Questions being raised about sustainability of TPG's price point and standard of service


Singapore

AUSTRALIA'S TPG Telecom unveiled its first commercial price plan for the Singapore mobile market on Tuesday, more than a year after it launched free trial services in December 2018.

Singapore's fourth wireless operator will phase out its trial services as it rolls out a new no-contract, SIM-only product for S$10 a month.

Nicole McCormick, from telecom consultancy Omdia, called TPG's plan "ultra-competitive" but does not expect the telco to offer it indefinitely.

In fact, given the already competitive state of the local mobile market, industry watchers say that TPG's new offering is unlikely to have a huge impact.


Thibault Ricbourg, senior director at pricing firm Simon-Kucher & Partners, said TPG's product "matches the psychological price threshold of S$10, is simple to understand and will cover the data needs of a large share" of consumers.

Yet analysts polled by The Business Times raised questions about the sustainability of TPG's price point and the standard of its service.

TPG has had to meet in-building service standards since Jan 1. But it has asked the regulator for more time to deploy mobile coverage in road tunnels such as those along the Central Expressway. And it will not have to meet the requirement for 99 per cent coverage in MRT tunnels until Jan 1, 2022.

TPG's low price may therefore not be enough to win subscribers over, said Phillip Securities' head of research Paul Chew.

Although the incumbent operators - Singtel, StarHub and M1 - could introduce cheaper plans or more data to narrow the gap between their prices and TPG's, Mr Chew said he expects prices to "remain at a premium due to better network coverage and quality".

Meanwhile, DBS's telecoms analyst Sachin Mittal noted that TPG's coverage would not be as comprehensive as that of its rivals and their mobile virtual network operator partners as it lacks a legacy 3G network for services to fall back on.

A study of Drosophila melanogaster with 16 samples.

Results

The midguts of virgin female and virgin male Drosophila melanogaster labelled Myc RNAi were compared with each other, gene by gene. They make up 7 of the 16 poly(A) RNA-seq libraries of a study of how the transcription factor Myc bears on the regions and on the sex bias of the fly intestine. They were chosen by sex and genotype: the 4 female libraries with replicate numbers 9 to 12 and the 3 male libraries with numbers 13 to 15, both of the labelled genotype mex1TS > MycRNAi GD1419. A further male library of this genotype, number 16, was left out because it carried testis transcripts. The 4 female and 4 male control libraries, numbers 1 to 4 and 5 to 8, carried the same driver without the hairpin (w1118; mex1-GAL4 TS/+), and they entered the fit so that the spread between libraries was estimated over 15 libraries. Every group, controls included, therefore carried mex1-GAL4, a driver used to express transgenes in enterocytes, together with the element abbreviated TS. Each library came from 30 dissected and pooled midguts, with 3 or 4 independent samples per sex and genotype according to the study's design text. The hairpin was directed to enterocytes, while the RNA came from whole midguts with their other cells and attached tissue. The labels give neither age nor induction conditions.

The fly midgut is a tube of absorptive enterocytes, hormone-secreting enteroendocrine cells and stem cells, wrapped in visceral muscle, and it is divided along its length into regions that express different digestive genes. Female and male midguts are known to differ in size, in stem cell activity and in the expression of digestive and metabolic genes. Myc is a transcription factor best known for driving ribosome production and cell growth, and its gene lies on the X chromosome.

Mr Mittal also estimates that TPG's price tag is below what it needs to survive. He had suggested in January that TPG would need to make at least S$120 million a year to break even here - a view that remains unchanged.

He told BT: "I still believe what they are gunning for is unlikely to be profitable."

Australia-listed TPG posted start-up losses of A$1.8 million (S$1.6 million) in Singapore for the six months to Jan 31, and A$68.9 million of capex for mobile network build.

TPG's Mr Tan said the company did not "go out intentionally to engage in any price war". He said the new plan would be suitable for parents who want to take a plan for their children, foreign workers who want to make video calls home, and customers with multiple mobile devices.

Mr Mittal of DBS said that multi-device users would probably be the best bet for TPG, but that this is not a sizeable market.

Separately, fibre broadband operator MyRepublic, which leases mobile frequency from StarHub, has upped data limits for its three mobile plans.

Consumer demand for connectivity has risen over the years and has increased amid the ongoing Covid-19 pandemic, MyRepublic told BT.

It also launched two temporary plans, to be available until April 14. One offers 40GB of data at S$29 a month, and the other 6GB of data at S$10 a month.

Investors appeared unfazed by the price competition. Singtel gained 5 per cent on Tuesday to close at S$2.54. StarHub was up 1.5 per cent at S$1.33.